Date of Award


Document Type


Degree Name

Master of Arts (MA)


Computer Science

First Advisor

Dr. Hossein Saiedian

Second Advisor

Mr. Stanley Wileman

Third Advisor

Dr. Zhenqxin Chen

Fourth Advisor

Dr. Justin Stolen


Office support systems are used to automate routine office tasks. Since office tasks often require the cooperation of several office workers who may be physically dispersed, it is important to develop advanced communication systems that better facilitate collaborative and cooperative office work among office workers.

In this thesis, we propose an approach to the construction of advanced communication systems in which messages are represented as objects that are “intelligent” and “active” and can therefore perform certain activities (such as interacting with various entities to collect data) and decisions (such as dynamically deciding which user to go to next) on their own. The system is called Intelligent Message System IMS. The major components of IMS are as follows:

  1. Intelligent Message Objects (IMO). These objects represent the actual intelligent objects of the system.
  2. System Mail Manager (SMM) which provides the users an interface to create, send, receive, and maintain IMOs.
  3. Intelligent Message Script Language (IMSL) is a language used to program IMOs.

Office workers can delegate the responsibility for certain routine office tasks to an IMO and can therefore spend their time on more important activities. Thus, in addition to its theoretical contributions, this thesis provides a framework for building an advanced computer-based message system that increases productivity in an office environment.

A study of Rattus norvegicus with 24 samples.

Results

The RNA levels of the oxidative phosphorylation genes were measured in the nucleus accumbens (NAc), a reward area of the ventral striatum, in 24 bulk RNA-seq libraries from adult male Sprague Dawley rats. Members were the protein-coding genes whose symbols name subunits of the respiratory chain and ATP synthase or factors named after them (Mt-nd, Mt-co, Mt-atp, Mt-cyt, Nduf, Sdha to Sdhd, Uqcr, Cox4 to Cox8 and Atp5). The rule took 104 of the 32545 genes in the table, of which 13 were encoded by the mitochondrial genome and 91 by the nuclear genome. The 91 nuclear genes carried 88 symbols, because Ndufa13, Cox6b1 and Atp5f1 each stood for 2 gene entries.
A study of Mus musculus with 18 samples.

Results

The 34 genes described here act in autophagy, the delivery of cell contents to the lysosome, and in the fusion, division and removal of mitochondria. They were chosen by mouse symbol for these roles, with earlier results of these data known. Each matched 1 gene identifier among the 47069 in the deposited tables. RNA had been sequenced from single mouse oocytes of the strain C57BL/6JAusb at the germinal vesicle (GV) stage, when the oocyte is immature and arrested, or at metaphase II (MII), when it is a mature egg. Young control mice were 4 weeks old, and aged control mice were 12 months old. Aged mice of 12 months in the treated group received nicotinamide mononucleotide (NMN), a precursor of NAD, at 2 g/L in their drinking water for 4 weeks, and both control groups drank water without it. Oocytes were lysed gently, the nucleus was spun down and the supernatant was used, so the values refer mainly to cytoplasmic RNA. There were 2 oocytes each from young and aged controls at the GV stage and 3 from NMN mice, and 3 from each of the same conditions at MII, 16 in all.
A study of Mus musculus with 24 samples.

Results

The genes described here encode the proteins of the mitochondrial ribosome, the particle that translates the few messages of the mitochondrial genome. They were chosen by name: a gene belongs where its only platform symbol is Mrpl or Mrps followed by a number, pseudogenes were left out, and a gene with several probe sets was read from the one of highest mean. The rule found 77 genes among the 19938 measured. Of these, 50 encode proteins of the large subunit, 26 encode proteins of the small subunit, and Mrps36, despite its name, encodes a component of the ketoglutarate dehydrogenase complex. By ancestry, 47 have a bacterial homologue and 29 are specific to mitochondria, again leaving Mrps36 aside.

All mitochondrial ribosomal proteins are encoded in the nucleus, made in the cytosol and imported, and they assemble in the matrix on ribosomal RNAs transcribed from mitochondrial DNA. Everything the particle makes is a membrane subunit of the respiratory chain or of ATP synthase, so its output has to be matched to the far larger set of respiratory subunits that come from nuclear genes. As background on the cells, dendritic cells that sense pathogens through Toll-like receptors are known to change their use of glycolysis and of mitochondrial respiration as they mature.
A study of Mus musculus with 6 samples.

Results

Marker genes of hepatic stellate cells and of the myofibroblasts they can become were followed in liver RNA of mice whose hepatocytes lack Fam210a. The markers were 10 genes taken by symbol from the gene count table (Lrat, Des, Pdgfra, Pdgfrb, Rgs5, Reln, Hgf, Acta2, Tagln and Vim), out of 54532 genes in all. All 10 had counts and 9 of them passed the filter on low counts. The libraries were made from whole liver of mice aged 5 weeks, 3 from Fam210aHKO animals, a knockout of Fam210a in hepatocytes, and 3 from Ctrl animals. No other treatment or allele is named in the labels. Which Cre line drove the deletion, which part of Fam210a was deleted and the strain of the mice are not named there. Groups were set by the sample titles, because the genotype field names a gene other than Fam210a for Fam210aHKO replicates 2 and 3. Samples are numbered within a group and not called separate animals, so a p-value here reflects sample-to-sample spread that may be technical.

Each component of the IMS is explained in detail in the thesis. A variation of BNF formalism is used to define the syntax of IMSL while VDM is used to formally define the semantics of major functions of intelligent message objects. A number of examples are provided to illustrate the effectiveness of the IMS in automation of certain office tasks.


A Thesis Presented to the Department of the Computer Science and the Faculty of the Graduate College University of Nebraska In Partial Fulfillment of the Requirements for the Degree Master of Arts University of Nebraska Omaha, Nebraska. Copyright 1992 Robert L. Palumbo.